As part of my general desire to learn how to make and do things myself, I’ve long had an interest in being able to re-purpose metals. Metals, being an incredibly useful and versatile raw material cover a lot of ground when considering things from the perspective of self reliance.
Certainly, by no means am I under any impression that I should do everything myself, nor do I have any desire to, but, it is an interesting drive for knowledge. Today, I finally got around to exploring the process for melting down aluminum for potential re-use. E.G. Recycling.
I’ve been crushing and saving drink cans for a little while now, and had managed to build up a stash of a few dozen cans that I could try out the process on, and while my process was simple and unrefined, it seems to have worked quite well.
There are a number of folks who have done this in “at home” environments, and there are usually two main paths, either using charcoal, or propane as a fuel, and most often improvising some form of forge/furnace. Often made of some form of larger container, with a refractory cement on the inside to form the walls.
I happened to have a barbecue made of a pile of bricks, so I re-arranged the bricks to limit the dimensions, increase the height, and keep more heat in. I separated the pavers forming the base by a small amount to create a channel to provide for air being blown in.
I see a lot of folks improvising a hair dryer as the blower mechanism. I took the hose on my shop vac, and stuck it on the output port. Voila! Blower. This was incredibly effective, though perhaps too effective. The charcoal would burn very quickly, and bring my crucible (a steel pot from Goodwill) to red hot very quickly. I became concerned about over heating the steel and it potentially failing, so I would switch on the blower in “pulses” to moderate the temperature. Something like a graphite crucible would solve this by avoiding concern about the crucible melting.
I used the grill portion of the repurposed barbecue as a rack to pre-heat/dry the cans. Despite the cans sitting for a fairly extended period of time, they do retain some liquid. Liquid being introduced to the molten aluminum can cause steam explosions, so I placed the cans on the rack above the coals to bake off any remaining moisture before placing the cans in the crucible to be melted down.
Unfortunately, it’s hard to hold a camera and do anything else at the same time, so I didn’t get any shots of actually pouring the aluminum into my “ingot” mold, which happens to be a heart shaped baking tray I also found at Goodwill.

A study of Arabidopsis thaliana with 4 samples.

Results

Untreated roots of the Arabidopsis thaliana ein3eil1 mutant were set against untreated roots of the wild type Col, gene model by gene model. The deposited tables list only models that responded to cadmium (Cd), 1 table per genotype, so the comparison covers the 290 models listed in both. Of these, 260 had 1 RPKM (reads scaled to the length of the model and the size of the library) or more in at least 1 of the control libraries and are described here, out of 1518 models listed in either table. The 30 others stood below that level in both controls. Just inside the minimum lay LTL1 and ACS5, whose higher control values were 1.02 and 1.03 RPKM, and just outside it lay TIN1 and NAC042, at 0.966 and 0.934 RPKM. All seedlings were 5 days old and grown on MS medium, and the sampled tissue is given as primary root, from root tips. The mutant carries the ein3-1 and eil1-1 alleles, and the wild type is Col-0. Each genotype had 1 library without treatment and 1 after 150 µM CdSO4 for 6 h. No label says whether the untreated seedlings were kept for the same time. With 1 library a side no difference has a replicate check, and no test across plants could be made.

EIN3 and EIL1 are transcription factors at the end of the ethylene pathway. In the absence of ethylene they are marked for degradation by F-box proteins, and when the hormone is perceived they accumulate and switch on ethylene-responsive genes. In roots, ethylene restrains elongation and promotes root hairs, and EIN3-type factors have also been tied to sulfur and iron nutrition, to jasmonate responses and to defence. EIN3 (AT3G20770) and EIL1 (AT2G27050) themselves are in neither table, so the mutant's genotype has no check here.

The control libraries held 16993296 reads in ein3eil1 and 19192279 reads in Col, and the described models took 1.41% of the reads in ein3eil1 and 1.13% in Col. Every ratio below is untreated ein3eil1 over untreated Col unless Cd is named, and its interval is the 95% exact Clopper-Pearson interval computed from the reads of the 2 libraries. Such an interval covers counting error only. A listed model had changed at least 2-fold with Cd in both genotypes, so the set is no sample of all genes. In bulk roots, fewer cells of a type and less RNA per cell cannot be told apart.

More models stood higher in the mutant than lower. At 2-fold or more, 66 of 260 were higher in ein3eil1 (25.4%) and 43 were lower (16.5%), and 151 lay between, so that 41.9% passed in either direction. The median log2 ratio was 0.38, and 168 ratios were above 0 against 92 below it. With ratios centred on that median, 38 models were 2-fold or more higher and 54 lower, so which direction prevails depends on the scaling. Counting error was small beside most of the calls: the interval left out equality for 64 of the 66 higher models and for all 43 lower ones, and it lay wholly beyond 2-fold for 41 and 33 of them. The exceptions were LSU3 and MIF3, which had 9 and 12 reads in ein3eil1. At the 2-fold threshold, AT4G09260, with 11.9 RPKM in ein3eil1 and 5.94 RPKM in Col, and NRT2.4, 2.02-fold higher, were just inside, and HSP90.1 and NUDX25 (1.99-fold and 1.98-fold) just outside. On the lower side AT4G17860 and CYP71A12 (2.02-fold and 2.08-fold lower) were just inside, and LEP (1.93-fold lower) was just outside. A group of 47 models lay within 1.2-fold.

And here’s a closer look of the freshly poured ingots cooling in the mold.
And, a better view from above showing the improvised furnace, mold, and crucible.
Unfortunately (and to be expected…), the inside of the furnace was far too hot for my infrared thermometer to measure, just giving a reading of “Over High”. Supposedly it’s rated to read up to 608 degrees Fahrenheit.
I’ve sprayed some cool water on the ingots to help cool them down more quickly, and flipped them out of the mold for a bit better view.
You can see them continuing to cool on the barbecue grill, as well as my high tech bag of fuel.
This is the pile of dross I pulled off the aluminum. Unfortunately aluminum drink cans have a lot more than just aluminum in them (paint on the outside, plastic coating on the inside), so there’s a fair bit of waste that comes out that has to be pulled off before pouring. Additionally, it’s clear that there was a fair bit of aluminum that stuck to this dross as I pulled it off, so I will need to experiment with a flux to see if I can get the dross to not pull as much aluminum out with it.
And here’s a closer shot of one of the heart ingots that got poured today.
These ingots will eventually be the source of the raw materials for when I move forward to trying to cast things with aluminum. This could potentially be direct parts, but I think my first foray into casting will simply to make rods that I can use as raw stock for work on my metal lathe.